What does accountability mean?
We accept the challenge that writer and activist Ijeoma Oluo lays out: It is white people’s responsibility to use our racial privilege to dismantle white supremacy. We believe that it is also white people’s responsibility to educate ourselves about systemic, institutional and interpersonal racism and it is white people’s responsibility to excavate our own personal legacy of racism. Though white people have the responsibility to organize other white people to show up for racial justice, we do so in relationships of accountability with people of color led organizations.
We work on the issues that matter most to our accountability partners. When they ask us to show up, we show up. This means that we don't just come to general SURJ meetings and think that our work is done--we fight for racial justice where we can whenever we can.
Our Accountability Partners
The Pasos Immigrant Rights Committee at Sacred Heart Community Service and the Santa Clara County Rapid Response Network
Visit their websites at http://sacredheartcs.org/immigrantrights/ and https://www.pactsj.org/santa-clara-county-rapid-response-network/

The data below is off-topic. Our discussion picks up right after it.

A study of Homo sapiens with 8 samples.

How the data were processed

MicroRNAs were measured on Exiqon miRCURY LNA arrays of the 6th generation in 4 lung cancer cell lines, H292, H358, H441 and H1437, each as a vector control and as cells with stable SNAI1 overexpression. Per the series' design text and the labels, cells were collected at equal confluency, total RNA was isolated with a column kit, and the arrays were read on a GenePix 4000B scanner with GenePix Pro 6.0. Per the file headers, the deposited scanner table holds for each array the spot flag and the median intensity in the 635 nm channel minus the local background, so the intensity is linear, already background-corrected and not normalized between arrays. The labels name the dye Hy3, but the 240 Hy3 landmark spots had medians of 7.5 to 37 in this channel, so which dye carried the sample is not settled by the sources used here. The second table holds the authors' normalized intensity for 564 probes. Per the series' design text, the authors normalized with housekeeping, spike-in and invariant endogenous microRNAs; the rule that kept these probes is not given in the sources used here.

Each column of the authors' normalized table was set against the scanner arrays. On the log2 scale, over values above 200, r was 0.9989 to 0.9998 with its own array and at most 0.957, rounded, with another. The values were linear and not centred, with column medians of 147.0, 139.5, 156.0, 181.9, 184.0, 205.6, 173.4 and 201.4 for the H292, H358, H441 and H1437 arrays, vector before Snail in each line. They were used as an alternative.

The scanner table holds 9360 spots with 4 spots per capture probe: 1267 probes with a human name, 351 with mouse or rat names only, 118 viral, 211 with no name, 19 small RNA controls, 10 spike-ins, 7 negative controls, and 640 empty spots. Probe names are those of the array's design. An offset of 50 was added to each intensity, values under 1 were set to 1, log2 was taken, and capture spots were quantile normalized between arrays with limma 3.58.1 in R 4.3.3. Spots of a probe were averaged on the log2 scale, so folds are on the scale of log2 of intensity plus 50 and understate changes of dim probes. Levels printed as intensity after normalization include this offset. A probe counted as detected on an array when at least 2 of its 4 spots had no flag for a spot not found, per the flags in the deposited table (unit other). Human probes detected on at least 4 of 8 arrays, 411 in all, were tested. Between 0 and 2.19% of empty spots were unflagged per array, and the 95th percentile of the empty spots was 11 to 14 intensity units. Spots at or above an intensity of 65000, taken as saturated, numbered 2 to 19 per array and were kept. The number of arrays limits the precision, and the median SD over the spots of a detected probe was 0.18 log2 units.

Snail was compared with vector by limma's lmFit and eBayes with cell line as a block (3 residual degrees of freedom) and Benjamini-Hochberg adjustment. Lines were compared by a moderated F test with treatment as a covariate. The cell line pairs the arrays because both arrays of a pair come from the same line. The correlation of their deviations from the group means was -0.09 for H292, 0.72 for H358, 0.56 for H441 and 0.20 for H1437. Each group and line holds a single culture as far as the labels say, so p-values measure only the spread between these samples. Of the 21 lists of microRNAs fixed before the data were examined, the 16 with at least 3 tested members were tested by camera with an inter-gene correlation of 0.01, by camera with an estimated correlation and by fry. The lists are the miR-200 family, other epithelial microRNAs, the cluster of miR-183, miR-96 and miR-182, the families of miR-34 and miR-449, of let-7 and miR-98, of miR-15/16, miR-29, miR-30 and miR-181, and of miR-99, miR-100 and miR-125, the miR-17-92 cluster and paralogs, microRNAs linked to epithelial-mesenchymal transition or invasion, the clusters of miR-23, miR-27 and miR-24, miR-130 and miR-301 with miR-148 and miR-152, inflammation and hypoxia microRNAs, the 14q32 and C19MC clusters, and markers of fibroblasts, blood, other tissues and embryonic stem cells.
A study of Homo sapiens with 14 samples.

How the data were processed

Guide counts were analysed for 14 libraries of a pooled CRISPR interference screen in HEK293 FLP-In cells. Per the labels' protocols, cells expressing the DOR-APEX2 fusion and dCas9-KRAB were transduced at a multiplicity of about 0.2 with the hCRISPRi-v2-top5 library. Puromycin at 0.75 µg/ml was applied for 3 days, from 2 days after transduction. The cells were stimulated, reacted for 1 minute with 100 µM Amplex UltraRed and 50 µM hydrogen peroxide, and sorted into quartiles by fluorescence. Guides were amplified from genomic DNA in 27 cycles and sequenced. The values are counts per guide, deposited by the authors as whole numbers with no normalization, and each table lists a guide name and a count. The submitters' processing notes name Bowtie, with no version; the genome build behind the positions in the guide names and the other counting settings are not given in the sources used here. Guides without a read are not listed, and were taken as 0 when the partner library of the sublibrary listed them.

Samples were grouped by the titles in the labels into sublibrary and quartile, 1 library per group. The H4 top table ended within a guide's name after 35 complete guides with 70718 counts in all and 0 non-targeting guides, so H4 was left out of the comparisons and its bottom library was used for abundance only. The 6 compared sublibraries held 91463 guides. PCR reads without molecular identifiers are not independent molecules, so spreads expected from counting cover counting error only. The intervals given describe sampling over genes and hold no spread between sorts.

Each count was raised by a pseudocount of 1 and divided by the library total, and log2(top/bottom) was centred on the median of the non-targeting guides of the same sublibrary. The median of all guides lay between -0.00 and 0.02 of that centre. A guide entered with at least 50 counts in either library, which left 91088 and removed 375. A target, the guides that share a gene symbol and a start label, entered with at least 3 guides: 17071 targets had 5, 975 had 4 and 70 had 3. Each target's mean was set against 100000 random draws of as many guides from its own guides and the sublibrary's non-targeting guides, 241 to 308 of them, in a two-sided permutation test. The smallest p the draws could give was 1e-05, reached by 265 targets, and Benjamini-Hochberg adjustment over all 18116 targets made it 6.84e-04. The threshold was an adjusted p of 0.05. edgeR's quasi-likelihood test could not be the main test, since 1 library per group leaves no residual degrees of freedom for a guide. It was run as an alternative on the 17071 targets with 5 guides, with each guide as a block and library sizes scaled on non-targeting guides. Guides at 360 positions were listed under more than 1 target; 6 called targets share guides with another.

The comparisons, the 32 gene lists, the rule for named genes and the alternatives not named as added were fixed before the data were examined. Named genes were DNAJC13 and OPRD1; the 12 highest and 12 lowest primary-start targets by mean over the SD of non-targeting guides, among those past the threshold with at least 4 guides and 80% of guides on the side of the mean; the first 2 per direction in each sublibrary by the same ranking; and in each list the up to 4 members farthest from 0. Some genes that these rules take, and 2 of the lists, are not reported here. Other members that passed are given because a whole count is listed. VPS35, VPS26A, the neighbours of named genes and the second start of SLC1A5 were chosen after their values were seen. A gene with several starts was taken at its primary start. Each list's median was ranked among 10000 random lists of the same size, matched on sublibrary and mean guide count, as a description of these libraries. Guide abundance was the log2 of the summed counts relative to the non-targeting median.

"PASOS is comprised of more than 30 active community leaders fighting for immigrants rights in San Jose and Santa Clara County. Leaders learn to use their voice, skills and experiences to fight for justice and create change that improves the quality of life of our community.
"The Rapid Response Network aims to expand the community's capacity to monitor and document ICE operations in real time. We will support the process of gathering evidence used to free someone from ICE custody. We will expose any intimidating and unconstitutional tactics ICE uses to detain immigrants."
Silicon Valley De-Bug
Visit their website at https://www.siliconvalleydebug.org
"Silicon Valley De-Bug is a community organizing, advocacy, and a multimedia storytelling organization based out of San José, California. Since its inception in 2001, De-Bug has been a platform for Silicon Valley's diverse communities to impact the political, cultural, and social landscape of the region, while also becoming a nationally recognized model for community-based justice work."